Having spent more years than I perhaps care to remember looking at press releases from the news editor or sub editor’s viewpoint, here are 10 tips on press releases, writes Andrew Howard of Lakeside Media public relations:

1: Always send press releases by email. Hard-pressed journalists won’t thank you if they have to type out huge swathes of quotes that you have already keyed in. And try to use curly quote marks!

2: The email subject line is the first thing that will be seen, so spend some time thinking about how relevant it is. You may not believe how many subject lines include the word ‘local’, so avoid that word, it just doesn’t stand out.

3: Always include photographs if at all possible. But don’t overload anyone by sending too many unsolicited. 10MG is the absolute maximum for most publications.  If you can, adjust the size of pictures appropriately, for newspapers that’s 200dpi and about eight inches wide for landscapes, for magazines 300dpi. And always include caption information! IrfanView is a great little free program that may help the non-professional.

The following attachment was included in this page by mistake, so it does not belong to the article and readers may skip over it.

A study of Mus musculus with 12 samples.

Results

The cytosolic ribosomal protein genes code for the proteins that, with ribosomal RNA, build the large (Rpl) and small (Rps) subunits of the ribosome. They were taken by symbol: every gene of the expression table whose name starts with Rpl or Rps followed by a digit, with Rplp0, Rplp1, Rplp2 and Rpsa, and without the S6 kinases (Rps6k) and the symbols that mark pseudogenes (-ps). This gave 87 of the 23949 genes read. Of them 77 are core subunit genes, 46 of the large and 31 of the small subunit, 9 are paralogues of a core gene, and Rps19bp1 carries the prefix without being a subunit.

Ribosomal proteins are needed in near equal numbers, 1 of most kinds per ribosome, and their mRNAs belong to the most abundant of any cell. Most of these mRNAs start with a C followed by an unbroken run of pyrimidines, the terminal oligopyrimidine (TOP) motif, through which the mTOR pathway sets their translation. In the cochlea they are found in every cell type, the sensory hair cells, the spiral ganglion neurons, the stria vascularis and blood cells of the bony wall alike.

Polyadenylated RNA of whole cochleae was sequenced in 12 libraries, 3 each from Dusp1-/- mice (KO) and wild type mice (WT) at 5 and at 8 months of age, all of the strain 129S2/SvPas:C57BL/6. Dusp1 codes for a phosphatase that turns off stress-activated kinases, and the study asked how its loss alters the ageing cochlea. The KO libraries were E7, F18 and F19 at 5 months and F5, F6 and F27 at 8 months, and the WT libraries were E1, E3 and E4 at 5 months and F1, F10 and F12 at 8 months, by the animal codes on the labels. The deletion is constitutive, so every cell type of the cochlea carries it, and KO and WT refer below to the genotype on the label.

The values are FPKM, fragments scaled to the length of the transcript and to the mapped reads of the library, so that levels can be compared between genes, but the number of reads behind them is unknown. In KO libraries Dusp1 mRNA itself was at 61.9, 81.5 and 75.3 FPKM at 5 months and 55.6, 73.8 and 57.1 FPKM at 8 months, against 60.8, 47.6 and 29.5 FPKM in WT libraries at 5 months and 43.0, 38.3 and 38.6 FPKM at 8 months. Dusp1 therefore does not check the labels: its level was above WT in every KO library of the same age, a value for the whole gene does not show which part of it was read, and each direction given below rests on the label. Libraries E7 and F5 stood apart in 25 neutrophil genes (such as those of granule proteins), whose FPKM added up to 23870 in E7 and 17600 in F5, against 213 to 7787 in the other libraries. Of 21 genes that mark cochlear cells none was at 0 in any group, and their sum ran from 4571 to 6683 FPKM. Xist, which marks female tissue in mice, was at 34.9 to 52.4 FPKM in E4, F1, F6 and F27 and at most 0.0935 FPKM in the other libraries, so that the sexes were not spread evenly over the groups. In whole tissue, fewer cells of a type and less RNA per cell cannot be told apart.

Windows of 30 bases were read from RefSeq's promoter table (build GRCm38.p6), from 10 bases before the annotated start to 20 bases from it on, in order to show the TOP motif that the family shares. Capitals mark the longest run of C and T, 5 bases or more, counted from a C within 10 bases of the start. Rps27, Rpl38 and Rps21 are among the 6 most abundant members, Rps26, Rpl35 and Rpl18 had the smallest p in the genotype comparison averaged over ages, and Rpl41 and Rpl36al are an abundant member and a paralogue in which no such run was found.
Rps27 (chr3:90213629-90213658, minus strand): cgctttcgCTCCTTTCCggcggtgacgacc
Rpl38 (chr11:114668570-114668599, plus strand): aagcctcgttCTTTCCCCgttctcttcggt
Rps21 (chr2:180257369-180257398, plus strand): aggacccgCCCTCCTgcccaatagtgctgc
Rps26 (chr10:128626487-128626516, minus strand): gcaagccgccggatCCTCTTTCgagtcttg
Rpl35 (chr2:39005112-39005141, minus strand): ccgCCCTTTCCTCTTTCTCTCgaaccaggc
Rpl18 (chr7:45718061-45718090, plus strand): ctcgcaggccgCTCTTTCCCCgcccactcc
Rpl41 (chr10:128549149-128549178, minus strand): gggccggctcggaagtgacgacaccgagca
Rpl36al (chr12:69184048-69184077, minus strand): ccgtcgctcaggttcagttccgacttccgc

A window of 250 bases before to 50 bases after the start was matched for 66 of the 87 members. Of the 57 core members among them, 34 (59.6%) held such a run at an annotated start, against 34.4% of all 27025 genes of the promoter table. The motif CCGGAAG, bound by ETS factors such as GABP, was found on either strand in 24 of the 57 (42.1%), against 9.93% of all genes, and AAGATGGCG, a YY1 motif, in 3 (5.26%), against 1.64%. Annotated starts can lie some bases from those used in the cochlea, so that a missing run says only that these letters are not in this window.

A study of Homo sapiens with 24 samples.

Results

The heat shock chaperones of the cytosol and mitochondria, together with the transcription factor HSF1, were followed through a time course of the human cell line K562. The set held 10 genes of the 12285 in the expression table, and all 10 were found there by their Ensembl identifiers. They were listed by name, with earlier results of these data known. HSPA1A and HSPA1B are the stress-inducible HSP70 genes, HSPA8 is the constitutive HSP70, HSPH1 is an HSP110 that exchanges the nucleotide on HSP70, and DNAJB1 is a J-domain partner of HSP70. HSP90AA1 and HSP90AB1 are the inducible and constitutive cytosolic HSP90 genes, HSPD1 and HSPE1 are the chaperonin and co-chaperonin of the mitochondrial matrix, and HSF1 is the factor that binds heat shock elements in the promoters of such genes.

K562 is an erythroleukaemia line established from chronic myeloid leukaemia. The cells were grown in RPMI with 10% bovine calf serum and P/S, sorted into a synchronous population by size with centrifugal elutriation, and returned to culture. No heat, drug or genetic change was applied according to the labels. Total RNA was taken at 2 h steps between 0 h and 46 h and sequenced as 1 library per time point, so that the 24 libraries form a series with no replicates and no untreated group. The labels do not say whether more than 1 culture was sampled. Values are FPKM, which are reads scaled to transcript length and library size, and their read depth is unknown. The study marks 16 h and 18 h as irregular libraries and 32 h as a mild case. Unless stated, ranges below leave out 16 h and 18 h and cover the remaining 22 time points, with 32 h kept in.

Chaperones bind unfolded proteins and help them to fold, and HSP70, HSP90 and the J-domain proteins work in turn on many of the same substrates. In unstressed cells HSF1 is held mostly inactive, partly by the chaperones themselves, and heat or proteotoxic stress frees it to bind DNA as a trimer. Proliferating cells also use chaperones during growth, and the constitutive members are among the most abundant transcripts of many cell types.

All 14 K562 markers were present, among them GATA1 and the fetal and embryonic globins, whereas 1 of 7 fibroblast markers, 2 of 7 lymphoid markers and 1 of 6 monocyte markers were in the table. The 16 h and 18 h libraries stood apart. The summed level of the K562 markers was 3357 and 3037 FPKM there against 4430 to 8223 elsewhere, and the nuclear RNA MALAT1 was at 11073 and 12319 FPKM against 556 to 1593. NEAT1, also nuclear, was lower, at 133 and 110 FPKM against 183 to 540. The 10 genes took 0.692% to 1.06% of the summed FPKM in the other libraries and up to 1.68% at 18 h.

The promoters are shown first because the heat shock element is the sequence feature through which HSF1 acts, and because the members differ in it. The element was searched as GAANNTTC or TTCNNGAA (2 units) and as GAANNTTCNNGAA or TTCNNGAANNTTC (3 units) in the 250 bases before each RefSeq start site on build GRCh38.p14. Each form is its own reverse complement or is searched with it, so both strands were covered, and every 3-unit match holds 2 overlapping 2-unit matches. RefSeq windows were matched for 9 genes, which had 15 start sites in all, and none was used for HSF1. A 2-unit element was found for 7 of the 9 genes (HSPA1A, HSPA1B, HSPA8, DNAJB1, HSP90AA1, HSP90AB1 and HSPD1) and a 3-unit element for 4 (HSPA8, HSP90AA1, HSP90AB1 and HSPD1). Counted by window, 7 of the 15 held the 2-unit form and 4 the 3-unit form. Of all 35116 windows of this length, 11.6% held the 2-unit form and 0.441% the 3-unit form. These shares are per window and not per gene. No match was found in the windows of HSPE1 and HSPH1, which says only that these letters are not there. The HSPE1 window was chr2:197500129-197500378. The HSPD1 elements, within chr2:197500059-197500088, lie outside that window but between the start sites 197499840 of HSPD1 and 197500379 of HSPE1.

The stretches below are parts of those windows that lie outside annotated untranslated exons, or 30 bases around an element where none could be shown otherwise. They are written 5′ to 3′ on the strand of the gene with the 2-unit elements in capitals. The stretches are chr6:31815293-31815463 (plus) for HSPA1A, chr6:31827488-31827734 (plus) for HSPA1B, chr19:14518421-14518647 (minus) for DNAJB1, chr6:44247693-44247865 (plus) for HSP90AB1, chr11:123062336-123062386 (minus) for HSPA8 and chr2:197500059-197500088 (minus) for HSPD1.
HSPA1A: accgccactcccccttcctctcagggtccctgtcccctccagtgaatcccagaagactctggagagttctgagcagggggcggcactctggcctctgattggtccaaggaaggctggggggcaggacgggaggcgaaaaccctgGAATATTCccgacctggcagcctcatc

4: One rule of humour in a headline is that if someone doesn’t read it as intended, it still has to make sense. So the funny headline is a bit of an art. Don’t try it unless you’re really good at it. You want the journalist to be interested, not confused.

5: Include your contact details in case the journalist wants to know more, and make sure you’re available via the details provided.

6: Send your press release to the right person, and don’t send it to lots of people on the same publication. You might think you’ve a better chance of it going in, but in reality it may get marked as spam by email filters, and in any event you’ll just annoy the newsdesk if lots of people try to file the same story.

7: Don’t keep ringing up the newsdesk asking: “Did you get my press release?” Remember, they get hundreds every day. One call is quite enough, more than that is going to be annoying.

8: Check the style of the publication you’re sending to, and follow that in your press release. If you’re sending to more than one publication, rework your press release to match.

9: Don’t forget most print publications also have online offerings, so include live web links in your press release if you can.

10: A bit of gratitude never goes amiss - if your press release is published, a thank you will probably be appreciated. But bribes are illegal under recent legislation!

For more advice on press releases, contact Lakeside Media public relations of Exeter by clicking here.